DAYTONA BEACH SHORES, Fla. – Mysterious debris revealed in the wake of Hurricane Nicole in Daytona Beach Shores could be a ship from the 19th century.
Archaeologists with the state uncovered about 20 feet of what appears to be a cargo vessel or merchant ship, the equivalent of a semitruck, on Tuesday. They said the ship is likely 100 feet in length and believed to be from the 19th century.
“If you have a random, wooden shipwreck on the beach, it’s most likely a wreck from the 1800s and that’s because there were so many more ships sailing in the 1800s than in the centuries before, so there were a lot more shipwrecks,” he said.
The wreckage was discovered just south of Frank Rendon Park in Daytona Beach Shores after Hurricane Nicole came through in November.
The team has uncovered 20 ft of the buried ship in the Shores but say it’s probably 100 ft in length. They believe it could have been a cargo vessel/merchant ship. They’re going to uncover, document & hopefully use maritime and insurance records to put a name to it. @news6wkmg pic.twitter.com/HvOhx0W7vl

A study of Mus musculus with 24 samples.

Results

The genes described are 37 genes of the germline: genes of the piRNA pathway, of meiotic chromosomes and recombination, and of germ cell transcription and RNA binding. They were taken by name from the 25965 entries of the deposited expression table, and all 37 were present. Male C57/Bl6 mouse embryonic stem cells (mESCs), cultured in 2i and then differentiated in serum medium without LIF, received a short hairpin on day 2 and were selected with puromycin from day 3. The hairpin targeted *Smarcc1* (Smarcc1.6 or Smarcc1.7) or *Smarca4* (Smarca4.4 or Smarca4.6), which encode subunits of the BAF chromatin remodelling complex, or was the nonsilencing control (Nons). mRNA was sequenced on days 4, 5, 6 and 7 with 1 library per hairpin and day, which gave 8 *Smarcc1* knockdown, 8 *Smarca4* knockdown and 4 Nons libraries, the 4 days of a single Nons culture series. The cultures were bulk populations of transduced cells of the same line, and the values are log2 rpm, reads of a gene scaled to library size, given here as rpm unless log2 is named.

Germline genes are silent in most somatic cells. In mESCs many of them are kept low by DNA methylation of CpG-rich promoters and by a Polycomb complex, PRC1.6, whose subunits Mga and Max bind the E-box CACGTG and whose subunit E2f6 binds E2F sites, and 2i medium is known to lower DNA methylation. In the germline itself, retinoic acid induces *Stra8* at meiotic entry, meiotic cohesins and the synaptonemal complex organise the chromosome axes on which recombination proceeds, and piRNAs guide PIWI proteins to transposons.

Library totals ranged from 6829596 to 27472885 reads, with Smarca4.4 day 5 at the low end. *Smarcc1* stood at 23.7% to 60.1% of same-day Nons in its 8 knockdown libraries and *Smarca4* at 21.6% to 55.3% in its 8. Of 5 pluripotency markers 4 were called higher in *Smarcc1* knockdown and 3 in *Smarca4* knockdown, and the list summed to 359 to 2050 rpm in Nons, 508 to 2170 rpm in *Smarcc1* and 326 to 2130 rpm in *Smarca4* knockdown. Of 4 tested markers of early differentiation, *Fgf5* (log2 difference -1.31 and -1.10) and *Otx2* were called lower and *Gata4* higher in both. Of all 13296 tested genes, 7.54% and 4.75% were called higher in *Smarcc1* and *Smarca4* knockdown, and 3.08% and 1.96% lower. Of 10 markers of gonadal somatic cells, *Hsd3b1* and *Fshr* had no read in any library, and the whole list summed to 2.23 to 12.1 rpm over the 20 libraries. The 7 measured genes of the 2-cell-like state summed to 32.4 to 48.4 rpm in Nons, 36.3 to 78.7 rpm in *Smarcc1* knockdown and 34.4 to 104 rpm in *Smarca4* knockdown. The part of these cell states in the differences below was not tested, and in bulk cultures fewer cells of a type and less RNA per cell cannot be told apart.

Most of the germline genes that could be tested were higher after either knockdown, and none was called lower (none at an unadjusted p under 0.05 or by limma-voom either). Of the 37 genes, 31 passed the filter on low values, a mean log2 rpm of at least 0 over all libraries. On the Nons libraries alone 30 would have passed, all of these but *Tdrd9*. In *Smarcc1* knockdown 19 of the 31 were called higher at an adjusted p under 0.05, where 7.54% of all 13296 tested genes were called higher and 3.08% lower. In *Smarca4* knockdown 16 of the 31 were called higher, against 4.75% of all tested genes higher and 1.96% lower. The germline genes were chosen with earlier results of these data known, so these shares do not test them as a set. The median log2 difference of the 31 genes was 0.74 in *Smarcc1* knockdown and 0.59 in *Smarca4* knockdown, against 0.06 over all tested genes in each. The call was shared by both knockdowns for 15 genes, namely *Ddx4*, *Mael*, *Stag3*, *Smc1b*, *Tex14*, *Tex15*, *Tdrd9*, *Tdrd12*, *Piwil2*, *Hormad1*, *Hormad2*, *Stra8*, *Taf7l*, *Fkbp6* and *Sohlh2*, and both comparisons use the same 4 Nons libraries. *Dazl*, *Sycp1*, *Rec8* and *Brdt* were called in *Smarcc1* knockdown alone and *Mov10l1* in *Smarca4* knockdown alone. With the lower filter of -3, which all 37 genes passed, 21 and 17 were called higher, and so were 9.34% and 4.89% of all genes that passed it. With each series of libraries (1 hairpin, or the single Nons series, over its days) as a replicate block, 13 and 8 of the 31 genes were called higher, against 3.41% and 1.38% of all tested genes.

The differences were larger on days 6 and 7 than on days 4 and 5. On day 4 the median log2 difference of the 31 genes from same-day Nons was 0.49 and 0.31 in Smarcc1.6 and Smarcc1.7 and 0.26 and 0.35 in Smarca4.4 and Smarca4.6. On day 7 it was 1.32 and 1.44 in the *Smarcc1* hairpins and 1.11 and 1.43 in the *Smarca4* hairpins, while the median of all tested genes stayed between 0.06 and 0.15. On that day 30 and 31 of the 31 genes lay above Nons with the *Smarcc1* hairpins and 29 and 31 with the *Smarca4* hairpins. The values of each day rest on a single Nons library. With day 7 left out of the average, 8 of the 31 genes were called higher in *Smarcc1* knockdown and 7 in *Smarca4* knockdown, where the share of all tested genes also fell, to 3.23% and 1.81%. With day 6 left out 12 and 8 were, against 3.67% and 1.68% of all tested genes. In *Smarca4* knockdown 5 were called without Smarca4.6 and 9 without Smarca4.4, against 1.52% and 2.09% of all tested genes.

— Molly Reed (@Mollyreednews) December 6, 2022
It’s believed the unprecedented beach erosion caused by Nicole and Hurricane Ian in September led to the ship being uncovered.
The team says it will continue to uncover the shipwreck. Meanwhile, they hope to go through maritime and insurance records to identify the vessel. Meide said the presumed ship did not break into a bunch of pieces but looks like “we have the intact maybe bottom or side portion of a big sailing vessel.”
“It’s really hard with a beach shipwreck or really any shipwreck to identify it beyond a shadow of a doubt and know the name of it but certainly we can look at the archives. We have a big database of ship wrecks and we can see which ones went down in this area,” Meide said.
He said it may have been a trading vessel that possibly was sailing from New Orleans to Boston or from New York to the Caribbean.
Meide said the team won’t try to remove the ship, because it’s protected where it is in the sand.